The main Merimbula-Pambula Beach (NSW 671) is one of the longest on the far south coast. The beach begins at the low sandy Merimbula inlet then sweeps in a broad east-facing arc (Fig. 4.424 & 4.25)) for 5.9 km to the shaly rocks at Pambula. It is backed by a... Read more
The main Merimbula-Pambula Beach (NSW 671) is one of the longest on the far south coast. The beach begins at the low sandy Merimbula inlet then sweeps in a broad east-facing arc (Fig. 4.424 & 4.25)) for 5.9 km to the shaly rocks at Pambula. It is backed by a low regressive sand barrier that formed following the rise in sea level 6500 years ago and has built seaward 300-400 m as a series of low densely vegetated foredune ridges. In the north these are now covered by residential development, with access and parking to Main (Merimbula) beach, while the Merrimbula Airport occupies the centre. A surf club existed at Merimbula Beach for some years, however it is now defunct and the beach is patrolled in summer by lifeguards. Most of the central beach is undeveloped, with two vehicle tracks leading to the beach. The southern end is accessed via Pambula and leads to Pambula Beach settlement with its beachfront caravan park and Pambula SLSC (founded 1930) (Fig. 4.26). The beach consists of fine to medium sand, which combined with the waves averaging 1.5 m, maintains a low gradient beach and double bar system. The inner bar runs the length of the beach and is usually cut by rips every 200-300 m, resulting in up to 30 rips along the beach (Fig. 4.425). A longshore trough separates it from the outer bar, which is cut by more widely spaced rips. At Merimbula the beach runs into the lake mouth with its strong tidal currents and deep channel and forms extensive tidal shoals and channels extending 400 m off the inlet. At Pambula a strong rip often runs out against the southern rocks.
Bar Beach is usually quiet and popular, though adjacent to the deep tidal channel. Rips dominate Merimbula-Pambula and to a lesser extent Little, so use caution and swim in the two patrolled areas.
The Merimbula Bar and Pambula Bar are both well-known and popular spots when working. Both break over the river mouth tidal sand shoals with potentially long rides: the left at Merimbula holding to 3 m and Pambula requiring larger seas to work. In between are numerous beach breaks on the inner an outer bar.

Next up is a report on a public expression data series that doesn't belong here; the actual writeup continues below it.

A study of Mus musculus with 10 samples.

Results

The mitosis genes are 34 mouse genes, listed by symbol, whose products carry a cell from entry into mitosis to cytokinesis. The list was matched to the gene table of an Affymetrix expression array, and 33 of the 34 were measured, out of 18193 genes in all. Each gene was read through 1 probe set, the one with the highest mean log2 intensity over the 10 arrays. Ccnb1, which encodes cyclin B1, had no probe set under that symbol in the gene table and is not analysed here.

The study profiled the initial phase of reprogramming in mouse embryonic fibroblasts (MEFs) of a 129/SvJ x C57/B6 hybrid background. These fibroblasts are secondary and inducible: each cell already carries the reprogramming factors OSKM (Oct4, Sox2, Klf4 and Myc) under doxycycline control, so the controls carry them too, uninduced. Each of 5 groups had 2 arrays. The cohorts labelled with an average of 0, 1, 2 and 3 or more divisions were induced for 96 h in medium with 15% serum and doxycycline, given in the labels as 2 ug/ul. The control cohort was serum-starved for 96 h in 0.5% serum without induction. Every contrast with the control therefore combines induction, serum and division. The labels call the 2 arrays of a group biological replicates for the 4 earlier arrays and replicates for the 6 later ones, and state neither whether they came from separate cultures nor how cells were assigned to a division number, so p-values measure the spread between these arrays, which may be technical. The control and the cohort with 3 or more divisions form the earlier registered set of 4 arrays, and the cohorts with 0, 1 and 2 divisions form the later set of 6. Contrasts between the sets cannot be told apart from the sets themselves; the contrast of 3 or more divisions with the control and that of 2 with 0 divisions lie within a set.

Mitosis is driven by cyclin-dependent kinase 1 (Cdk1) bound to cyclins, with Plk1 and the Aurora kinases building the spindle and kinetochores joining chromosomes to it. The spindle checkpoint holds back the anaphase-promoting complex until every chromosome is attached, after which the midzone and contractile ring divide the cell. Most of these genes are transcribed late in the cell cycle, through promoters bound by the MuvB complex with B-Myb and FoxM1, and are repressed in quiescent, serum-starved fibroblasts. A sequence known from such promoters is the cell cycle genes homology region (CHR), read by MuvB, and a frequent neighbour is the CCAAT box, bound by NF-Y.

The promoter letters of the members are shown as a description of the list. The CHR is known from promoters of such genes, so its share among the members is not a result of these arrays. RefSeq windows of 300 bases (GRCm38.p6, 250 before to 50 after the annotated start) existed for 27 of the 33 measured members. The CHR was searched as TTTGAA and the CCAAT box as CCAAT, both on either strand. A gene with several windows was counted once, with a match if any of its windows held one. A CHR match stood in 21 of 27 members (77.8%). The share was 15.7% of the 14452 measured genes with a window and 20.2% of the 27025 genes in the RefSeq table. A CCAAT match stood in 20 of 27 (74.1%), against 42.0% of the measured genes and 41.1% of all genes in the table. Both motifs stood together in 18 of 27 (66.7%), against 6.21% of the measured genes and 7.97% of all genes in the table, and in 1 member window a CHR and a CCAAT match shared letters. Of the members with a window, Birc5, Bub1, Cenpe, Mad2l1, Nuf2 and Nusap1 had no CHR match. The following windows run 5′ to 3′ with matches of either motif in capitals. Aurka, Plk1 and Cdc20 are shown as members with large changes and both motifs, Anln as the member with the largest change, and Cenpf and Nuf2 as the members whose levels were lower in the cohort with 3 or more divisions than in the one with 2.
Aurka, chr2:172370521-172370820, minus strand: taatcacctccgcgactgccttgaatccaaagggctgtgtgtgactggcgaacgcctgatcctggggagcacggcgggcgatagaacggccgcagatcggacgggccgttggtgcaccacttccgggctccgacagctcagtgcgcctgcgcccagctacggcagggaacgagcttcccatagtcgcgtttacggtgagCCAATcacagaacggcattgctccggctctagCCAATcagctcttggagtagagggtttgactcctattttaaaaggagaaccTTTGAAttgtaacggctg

The northern lake mouth and southern river mouth are both accessible and popular, while persistent rip gutters are usually found the length of the beach.
Merimbula is a major coastal town of 5000 located on the northern shores of Merimbula Lake, which flows out in lee of Merimbula Point. The points protrudes 1.7 km to the southeast and forms the northern boundary of 5 km wide Merimbula Bay, with Haycock Point on the southern boundary. In between the two points is 13 km of shoreline, including the long Merimbula-Pambula beach, and five smaller beaches (NSW 670-675).Read less
Wind: Northerly 15 to 25 knots, reaching up to 30 knots early in the morning. Winds shifting southerly 15 to 20 knots in the early afternoon.
Swell: Northeasterly 1 to 1.5 metres, increasing to 1 to 2 metres around midday. 2nd
Seas: 2 to 3 metres, decreasing to 1 to 2 metres around midday. 1st
Weather: Sunny day. 20% chance of a shower in the evening.
Sun protection recommended from 9:40 am to 5:00 pm
Wind: Southerly 15 to 25 knots.
Swell: Northeasterly 1 to 1.5 metres, decreasing to around 1 metre during the morning.
Seas: 1 to 1.5 metres.
Weather: Cloudy. 40% chance of showers.
Sun protection recommended from 9:30 am to 5:00 pm
Wind: South to southwesterly 15 to 25 knots turning southeasterly during the afternoon.
Swell: South to southwesterly around 1 metre.
Seas: 1 to 2 metres.
Weather: Cloudy. 70% chance of showers.
|Thu 23rd||12 (Extreme) Sun protection recommended from 9:30 am to 5:10 pm|
|Fri 24th||11 (Extreme) Sun protection recommended from 9:30 am to 5:00 pm|
|Sat 25th||10 (Very High) Sun protection recommended from 9:40 am to 5:00 pm|
|Sun 26th||10 (Very High) Sun protection recommended from 9:40 am to 5:00 pm|
SLSA provides this information as a guide only. Surf conditions are variable and therefore this information should not be relied upon as a substitute for observation of local conditions and an understanding of your abilities in the surf. SLSA reminds you to always swim between the red and yellow flags and never swim at unpatrolled beaches. SLSA takes all care and responsibility for any translation but it cannot guarantee that all translations will be accurate.